The post Two Hearts Pet Loss Center by Melissa L. Kauffman appeared first on Catster. Copying over entire articles infringes on copyright laws. You may not be aware of it, but all of these articles were assigned, contracted and paid for, so they aren’t considered public domain. However, we appreciate that you like the article and would love it if you continued sharing just the first paragraph of an article, then linking out to the rest of the piece on Catster.com.

Facing the death of a beloved cat is heartbreaking, and Two Hearts Pet Loss Center is trying to help us all in that journey. It was launched by Coleen Ellis in 2009, who previously founded Pet Angel Memorial Center in 2004 due to the personal experience and death of her beloved pet Mico.

Coleen saw a growing need for formalized pet loss and grief help, so she launched the virtual center to be a mentor and coach to pet professionals providing dignified death care services to their community. And Coleen knows what she is talking about — she’s the recipient of the United States’ first Death & Grief Studies with a Specialization in Pet Loss Companioning Certificate from the Center for Loss (centerforloss.com).

“I am bringing much-needed educational forums to the veterinary industry, so that they too can more peacefully and skillfully guide their pet parents who are experiencing the death of the beloved furry friends,” she says.

The Two Hearts Pet loss Center offers learning opportunities, such as the three-day Pet Loss & Grief Companioning Certification program. Clinics and their staff can share other online courses, check out printed resources or connect with other end-of-life professionals on social sites.

“I am also looking for other ways to bring grieving pet parents together with a very active online pet loss support group,” she says, with her forum Your Companion.

For those who go to Two Hearts Pet Loss Center, Coleen says, “They will find a safe place. A place that gives them permission to honor the journey they shared with a beloved animal. The permission to grieve, to mourn, to memorialize, and to remember the life they shared with a precious pet.”

I asked Coleen for some tips for those of us suffering the loss of our beloved furry friend. She advises:

  • Wherever you are is exactly where you should be.
  • Be kind to yourself.
  • When you love, you grieve. Honor that journey you shared together.

“And, when I hear from a family that is on their final walk with their beloved pet,” she adds, “the advice I give to them is to step back a minute and put into effect the 6-Month Goal. The 6-Month Goal is what should you do now with your special pet that you will look back on 6 months from now and be able to say, ‘The end was perfect.’ What will you do to create a truly memorable end-of-life walk and journey that honors you and the cat you have loved so deeply?”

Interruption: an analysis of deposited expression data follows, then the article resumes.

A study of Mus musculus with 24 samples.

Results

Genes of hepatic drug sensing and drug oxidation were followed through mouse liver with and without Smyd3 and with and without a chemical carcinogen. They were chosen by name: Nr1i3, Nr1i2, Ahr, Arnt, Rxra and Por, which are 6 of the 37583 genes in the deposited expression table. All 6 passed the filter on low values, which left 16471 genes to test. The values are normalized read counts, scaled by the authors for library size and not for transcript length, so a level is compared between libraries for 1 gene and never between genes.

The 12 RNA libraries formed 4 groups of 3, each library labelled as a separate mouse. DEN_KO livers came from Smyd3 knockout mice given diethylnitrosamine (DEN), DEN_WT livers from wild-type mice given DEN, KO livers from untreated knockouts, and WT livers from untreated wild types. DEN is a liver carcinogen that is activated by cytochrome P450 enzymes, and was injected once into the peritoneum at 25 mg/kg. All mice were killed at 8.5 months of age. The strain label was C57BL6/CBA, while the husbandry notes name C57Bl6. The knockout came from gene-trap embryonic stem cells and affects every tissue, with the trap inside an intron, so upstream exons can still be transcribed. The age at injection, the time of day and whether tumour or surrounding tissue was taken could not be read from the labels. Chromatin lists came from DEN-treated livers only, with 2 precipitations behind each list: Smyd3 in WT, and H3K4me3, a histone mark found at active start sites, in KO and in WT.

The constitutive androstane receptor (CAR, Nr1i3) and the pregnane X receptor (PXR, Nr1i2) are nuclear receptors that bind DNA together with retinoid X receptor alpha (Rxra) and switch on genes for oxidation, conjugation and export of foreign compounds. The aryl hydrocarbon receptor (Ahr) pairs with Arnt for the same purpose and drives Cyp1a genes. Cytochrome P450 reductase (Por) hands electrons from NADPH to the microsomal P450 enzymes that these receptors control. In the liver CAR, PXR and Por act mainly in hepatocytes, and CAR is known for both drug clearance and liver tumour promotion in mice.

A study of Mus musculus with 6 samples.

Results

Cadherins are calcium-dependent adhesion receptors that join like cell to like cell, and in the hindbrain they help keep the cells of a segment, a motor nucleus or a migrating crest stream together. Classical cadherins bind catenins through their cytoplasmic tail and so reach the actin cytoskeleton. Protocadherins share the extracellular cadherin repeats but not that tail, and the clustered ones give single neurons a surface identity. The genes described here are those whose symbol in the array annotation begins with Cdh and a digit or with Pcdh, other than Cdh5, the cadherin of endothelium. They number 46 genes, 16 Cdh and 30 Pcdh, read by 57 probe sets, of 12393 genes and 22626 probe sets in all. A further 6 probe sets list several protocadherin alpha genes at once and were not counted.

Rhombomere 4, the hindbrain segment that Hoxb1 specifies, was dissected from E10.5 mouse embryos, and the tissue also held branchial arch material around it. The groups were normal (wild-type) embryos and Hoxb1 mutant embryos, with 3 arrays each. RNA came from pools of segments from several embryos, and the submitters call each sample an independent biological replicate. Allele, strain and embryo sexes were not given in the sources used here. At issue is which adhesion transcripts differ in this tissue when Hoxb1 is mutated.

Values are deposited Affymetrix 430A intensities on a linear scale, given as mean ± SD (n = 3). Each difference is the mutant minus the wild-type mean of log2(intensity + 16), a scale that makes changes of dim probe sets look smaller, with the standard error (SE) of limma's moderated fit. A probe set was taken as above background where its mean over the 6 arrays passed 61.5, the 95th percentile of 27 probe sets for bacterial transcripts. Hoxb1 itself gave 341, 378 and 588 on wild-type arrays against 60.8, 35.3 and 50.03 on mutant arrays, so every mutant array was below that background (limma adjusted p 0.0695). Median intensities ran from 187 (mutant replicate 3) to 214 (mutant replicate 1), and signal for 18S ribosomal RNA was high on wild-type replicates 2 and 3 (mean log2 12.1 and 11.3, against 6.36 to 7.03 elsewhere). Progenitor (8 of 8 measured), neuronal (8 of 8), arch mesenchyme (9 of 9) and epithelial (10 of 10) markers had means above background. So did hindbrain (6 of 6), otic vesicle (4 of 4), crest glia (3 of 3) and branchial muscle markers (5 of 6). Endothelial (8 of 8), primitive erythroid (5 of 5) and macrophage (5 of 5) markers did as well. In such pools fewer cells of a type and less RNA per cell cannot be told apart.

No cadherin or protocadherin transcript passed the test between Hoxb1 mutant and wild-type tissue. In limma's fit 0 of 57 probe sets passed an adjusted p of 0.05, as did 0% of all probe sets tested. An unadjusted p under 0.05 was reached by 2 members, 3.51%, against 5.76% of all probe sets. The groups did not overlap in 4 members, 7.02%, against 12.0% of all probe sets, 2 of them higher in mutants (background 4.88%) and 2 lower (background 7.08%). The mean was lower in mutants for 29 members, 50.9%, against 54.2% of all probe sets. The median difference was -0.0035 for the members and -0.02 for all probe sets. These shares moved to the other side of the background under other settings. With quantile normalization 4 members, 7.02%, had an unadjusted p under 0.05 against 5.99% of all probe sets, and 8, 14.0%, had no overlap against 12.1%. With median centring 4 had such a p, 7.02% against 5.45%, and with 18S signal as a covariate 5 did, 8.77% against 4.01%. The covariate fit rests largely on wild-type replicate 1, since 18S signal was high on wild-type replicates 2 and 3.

Going forward, Coleen continues to increase the learning opportunities with end-of-life professionals plus speak nationally and internationally on pet loss. She’ll launch a Facebook page for those who have attended the Pet Loss & Grief Companioning Certification classes and will also be working on a follow up to her first book, Pet Parents: A Journey Through Unconditional Love and Grief. More at twoheartspetlosscenter.com.

About the author:

Covering the pet world for more than 25 years, Melissa L. Kauffman has been an editor/writer for a wide variety of pet magazines and websites from the small critters to parrots to cats and dogs. Her advisory team of rescued pets — dogs Tampa Bay and Justice and parrots Deacon and Pi-Pi — help keep her on top of the latest and greatest pet health research, training and products, anything to give keep them in the high life they are accustomed to. Follow Tampa and his crew on Instagram @tampa.bay.pup.report while Melissa can always be found working on the next issue of Catster and Dogster magazines at caster.com and dogster.com.

Learn more pet loss grief on catster.com:

The post Two Hearts Pet Loss Center by Melissa L. Kauffman appeared first on Catster. Copying over entire articles infringes on copyright laws. You may not be aware of it, but all of these articles were assigned, contracted and paid for, so they aren’t considered public domain. However, we appreciate that you like the article and would love it if you continued sharing just the first paragraph of an article, then linking out to the rest of the piece on Catster.com.